Mar 28, 2015

Consumer watchdogs turn attention to comparison websites | The Australian

With Google often the first port of call for consumers researching and comparing products, Australia’s consumer watchdogs are paying close attention to developments in the comparison website sector.
Comparison websites, especially insurance sites, have attracted scrutiny, with consumer groups acknowledging their usefulness in giving customers more information and potentially getting cheaper deals but flagging concerns about lack of transparency in the sector.
The Australian Competition & Consumer Commission has recently noted that while comparator websites could drive competition and deliver savings, it expressed concern about “a few bad apples”. It is developing new guidelines for the industry, although it notes that the Australian Securities & Investments Commission has specific focus on financial product comparisons.
The new best practice guidelines that were expected to be released “early” this year will now not be released until midyear, an ACCC spokeswoman said.
Consumer advocacy group Choice told The Australian that comparison sites could be useful when seeking out a better deal but added that not all sites are the same.
“When we looked at ‘free’ insurance comparison sites we found they can earn exorbitant fees per sale from the insurers. These fees can make up a sizeable chunk of your total insurance premium,” a spokesman said.
Fred Schebesta, co-founder of one of the biggest comparison websites,, also pointed the finger at suppliers for failing to provide sufficient information to compare products and services.
Schebesta said that there was growing demand for comparison sites and they “provide a great service, if more Australians used them they would be financially better off.”
And while the ownership and financial interests of the sites should always be displayed prominently, he is particularly focused on greater transparency by some of the companies such sites compare.
Aggregators such as comparison websites are having difficulty getting access to some product information, Schebesta said.
“(It’s time) ASIC and ACCC got on the front foot” and forced insurance companies “to reduce their prices by opening up the information for consumers, and therefore comparison sites.” He applauded the transparency of other industries like banking and travel service providers for being much more transparent.
He said the more information provided by suppliers, the better the deal for consumers.
“Over six years of doing this we have been able to make products better by doing this, comparisons make prices lower.”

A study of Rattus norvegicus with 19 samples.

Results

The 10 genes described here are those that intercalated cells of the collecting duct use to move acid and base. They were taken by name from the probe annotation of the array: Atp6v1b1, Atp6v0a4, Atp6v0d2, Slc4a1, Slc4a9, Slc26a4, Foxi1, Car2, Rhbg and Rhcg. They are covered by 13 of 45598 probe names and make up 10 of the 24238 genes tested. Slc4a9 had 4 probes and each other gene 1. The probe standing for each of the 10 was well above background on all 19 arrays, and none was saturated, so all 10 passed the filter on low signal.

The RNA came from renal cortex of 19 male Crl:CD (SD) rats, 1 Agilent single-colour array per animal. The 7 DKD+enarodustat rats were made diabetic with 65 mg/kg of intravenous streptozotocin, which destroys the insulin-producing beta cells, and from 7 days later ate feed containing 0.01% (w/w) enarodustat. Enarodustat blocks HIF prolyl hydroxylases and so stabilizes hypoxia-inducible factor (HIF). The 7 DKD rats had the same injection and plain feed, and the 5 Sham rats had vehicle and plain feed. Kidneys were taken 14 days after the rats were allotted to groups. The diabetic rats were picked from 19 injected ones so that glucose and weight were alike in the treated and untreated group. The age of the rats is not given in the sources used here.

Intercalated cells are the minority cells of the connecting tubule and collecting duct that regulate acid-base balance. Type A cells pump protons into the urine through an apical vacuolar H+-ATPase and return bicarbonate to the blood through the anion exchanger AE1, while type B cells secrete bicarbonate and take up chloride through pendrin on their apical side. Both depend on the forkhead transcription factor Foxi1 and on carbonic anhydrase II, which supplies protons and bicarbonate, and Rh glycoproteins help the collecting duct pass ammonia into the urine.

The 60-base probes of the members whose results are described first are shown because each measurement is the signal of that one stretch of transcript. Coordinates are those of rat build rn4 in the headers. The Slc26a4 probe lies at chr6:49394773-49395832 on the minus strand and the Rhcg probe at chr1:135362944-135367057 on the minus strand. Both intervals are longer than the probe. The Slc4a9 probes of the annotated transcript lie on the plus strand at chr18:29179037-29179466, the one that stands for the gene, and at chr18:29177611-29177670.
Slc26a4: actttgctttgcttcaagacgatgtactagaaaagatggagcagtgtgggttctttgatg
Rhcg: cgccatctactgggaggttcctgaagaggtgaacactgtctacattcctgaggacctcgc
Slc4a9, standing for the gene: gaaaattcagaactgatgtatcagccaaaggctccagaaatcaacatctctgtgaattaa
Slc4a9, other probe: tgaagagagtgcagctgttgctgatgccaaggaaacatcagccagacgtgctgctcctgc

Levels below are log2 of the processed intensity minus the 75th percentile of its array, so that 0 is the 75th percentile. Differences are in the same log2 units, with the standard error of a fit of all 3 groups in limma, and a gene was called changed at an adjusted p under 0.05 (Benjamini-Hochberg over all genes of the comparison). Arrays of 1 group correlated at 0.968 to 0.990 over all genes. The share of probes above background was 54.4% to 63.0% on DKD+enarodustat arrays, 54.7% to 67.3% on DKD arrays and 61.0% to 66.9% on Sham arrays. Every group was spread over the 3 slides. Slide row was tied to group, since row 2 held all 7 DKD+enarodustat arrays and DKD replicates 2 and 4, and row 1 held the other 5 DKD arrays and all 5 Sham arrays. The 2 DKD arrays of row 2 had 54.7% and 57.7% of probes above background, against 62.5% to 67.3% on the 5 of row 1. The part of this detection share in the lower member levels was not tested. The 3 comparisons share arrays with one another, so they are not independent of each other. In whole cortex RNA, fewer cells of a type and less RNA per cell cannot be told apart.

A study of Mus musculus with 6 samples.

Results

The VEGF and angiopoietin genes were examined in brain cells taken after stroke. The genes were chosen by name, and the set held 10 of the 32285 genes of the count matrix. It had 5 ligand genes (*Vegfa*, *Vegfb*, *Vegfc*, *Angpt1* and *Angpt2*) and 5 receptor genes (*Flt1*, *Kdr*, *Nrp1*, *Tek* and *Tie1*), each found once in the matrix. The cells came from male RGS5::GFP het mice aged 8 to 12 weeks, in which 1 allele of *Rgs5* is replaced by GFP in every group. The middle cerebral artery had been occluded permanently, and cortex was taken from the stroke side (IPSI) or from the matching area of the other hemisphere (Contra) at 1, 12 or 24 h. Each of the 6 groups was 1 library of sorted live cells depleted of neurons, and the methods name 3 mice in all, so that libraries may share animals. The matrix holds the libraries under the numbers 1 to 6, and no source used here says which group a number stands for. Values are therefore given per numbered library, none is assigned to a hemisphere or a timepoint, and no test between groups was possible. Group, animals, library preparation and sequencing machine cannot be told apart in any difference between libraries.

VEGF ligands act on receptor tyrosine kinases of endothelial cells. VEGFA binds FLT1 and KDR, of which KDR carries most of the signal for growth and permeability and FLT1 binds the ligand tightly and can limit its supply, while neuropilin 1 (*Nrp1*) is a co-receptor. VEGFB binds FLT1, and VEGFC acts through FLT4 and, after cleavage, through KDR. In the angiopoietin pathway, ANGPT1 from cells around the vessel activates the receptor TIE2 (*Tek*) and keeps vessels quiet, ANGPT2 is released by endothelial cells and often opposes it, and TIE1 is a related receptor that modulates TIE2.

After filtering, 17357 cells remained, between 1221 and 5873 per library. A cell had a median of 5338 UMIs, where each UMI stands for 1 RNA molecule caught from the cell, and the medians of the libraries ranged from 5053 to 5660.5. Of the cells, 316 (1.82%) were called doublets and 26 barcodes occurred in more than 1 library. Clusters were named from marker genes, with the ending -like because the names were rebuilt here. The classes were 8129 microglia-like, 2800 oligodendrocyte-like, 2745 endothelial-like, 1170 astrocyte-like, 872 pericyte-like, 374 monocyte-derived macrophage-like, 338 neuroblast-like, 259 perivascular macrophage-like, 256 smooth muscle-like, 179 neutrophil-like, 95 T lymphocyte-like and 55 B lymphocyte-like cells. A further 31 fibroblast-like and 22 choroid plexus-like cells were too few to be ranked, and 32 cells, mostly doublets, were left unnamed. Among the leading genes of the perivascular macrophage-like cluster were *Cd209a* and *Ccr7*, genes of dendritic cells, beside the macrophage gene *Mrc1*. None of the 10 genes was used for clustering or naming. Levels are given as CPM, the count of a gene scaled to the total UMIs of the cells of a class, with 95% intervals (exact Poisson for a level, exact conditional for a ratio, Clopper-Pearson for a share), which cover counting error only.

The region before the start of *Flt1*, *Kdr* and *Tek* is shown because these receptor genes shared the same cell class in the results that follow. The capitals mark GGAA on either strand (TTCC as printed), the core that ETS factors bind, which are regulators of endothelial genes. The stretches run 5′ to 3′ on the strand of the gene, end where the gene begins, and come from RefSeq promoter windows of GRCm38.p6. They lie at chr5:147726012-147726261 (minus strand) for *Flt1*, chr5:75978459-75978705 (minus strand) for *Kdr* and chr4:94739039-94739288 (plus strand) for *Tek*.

Tom Godfrey, spokesman for Choice, also noted consumers should examine who owns the site and that “some comparison sites are misleading about how much of the market they compare.It’s also important to remember some sites are actually owned by the insurance companies they’re supposedly comparing.Read the fine print.”
Godfrey’s comments come as ASIC prepares to launch its own comparison site for the high cost North Queensland home insurance market after being asked to do so by the federal government last year.
An ASIC spokeswoman said the commission had been working with the Insurance Council of Australia on the site, due to be launched next week.
In its comparator report released in November last year, the ACCC defines “comparator” sites as those that compare goods and/or services offered by a range of suppliers, including energy, telecommunications, travel, banking and insurance.
Usually free for consumers, these websites follow a variety of business models, including: fee per lead, in which they earn revenue from the service provider for each “click-through”, or commissions for sales; or a combination of both, or in some cases they charge for advertising on their sites.
“For example, in the private health insurance sector, commission payments are generally between 20 to 40 per cent of the first year’s premium, with a trailing fee also payable in some cases,” the report says, “with the majority of comparator website operators reviewed by the ACCC focusing on generating revenue via click-through or commission per sale.”
The ACCC’s report said its concerns revolved around transparency and whether some sites were:
● clearly disclosing the basis of awards or ratings;
● disclosing any links to the providers of products that are being compared, including commissions, referral fees, payments for inclusion in comparisons and/or payments for ‘featured’ products;
● including a warning if not all providers are included in the comparison;
● clearly disclosing advertisements to prevent consumers being misled about the ranking of the product;
● where necessary, including a warning that financial products compared do not compare all features that may be relevant to the consumer.
Comparator websites were a “priority area” for the ACCC’s compliance and policy team, it added.